Cryptocurrency Companies have been left bankrupt after the collapse of two lenders in the industry.
According to a Monday (March 27) report by the Wall Street Journal, some banks have opened their doors to crypto firms, despite growing pressure from United States regulators.
This month, two banks previously known for their involvement with the crypto sector, Silvergate and Signature, were shut down. Silvergate was voluntarily liquidated on March 8, following a filing with regulators expressing concerns about its ability to remain in business. Four days later, Signature Bank was taken over by the Federal Deposit Insurance Corporation (FDIC) after a run on deposits.
As PYMNTS reported, it was a double blow for the crypto community.
Signature had a proprietary payment network called Signet, which enabled commercial crypto clients to make real-time payments (RTP) 24/7. With Silvergate’s closure, Signet was the only way for many companies to transfer money quickly to vendors and exchanges.
However, industry executives told the WSJ that other banks have stepped in to fill the void, with many receiving hundreds of applications in the past two weeks. Rich Rosenblum, co-founder and president of crypto trading platform GSR, said: “There are dozens of other banks, both onshore and offshore, that are taking advantage of this opportunity.”
Banks are still hesitant to get involved with crypto companies due to ongoing regulatory scrutiny. On Monday, the Commodity Futures Trading Commission (CFTC) charged the CEO of cryptocurrency trading platform Binance, Changpeng Zhao, with violating several regulations. CFTC Chairman Rostin Behnam said: “For years, Binance knew they were violating CFTC rules, working actively to keep the money flowing and avoid compliance. This should be a warning to anyone in the digital asset world that the CFTC will not tolerate willful avoidance of U.S. law.”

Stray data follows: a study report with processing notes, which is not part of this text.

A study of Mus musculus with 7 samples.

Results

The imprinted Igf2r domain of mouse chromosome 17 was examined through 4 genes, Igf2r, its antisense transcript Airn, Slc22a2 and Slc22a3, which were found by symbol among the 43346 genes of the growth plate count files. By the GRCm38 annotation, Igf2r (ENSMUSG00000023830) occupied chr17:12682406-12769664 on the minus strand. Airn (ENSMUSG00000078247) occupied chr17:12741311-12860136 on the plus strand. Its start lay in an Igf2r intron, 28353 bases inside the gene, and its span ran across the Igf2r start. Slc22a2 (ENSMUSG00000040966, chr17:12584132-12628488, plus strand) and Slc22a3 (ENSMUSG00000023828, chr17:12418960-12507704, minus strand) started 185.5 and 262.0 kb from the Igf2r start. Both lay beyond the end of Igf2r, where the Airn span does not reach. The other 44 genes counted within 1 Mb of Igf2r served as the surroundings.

In addition, the Federal Reserve issued an order preventing crypto-focused Custodia Bank from becoming a member of the Federal Reserve System, crushing “lingering industry hopes that Custodia might serve as a qualified and regulated on-ramp to the traditional financial sector,” according to PYMNTS.
The order stated that Custodia “has been unable to demonstrate that it could conduct an undiversified business focused on crypto-asset-related activities in a safe and sound manner and in compliance with Bank Secrecy Act (BSA) and Office of Foreign Assets Control (OFAC) requirements.”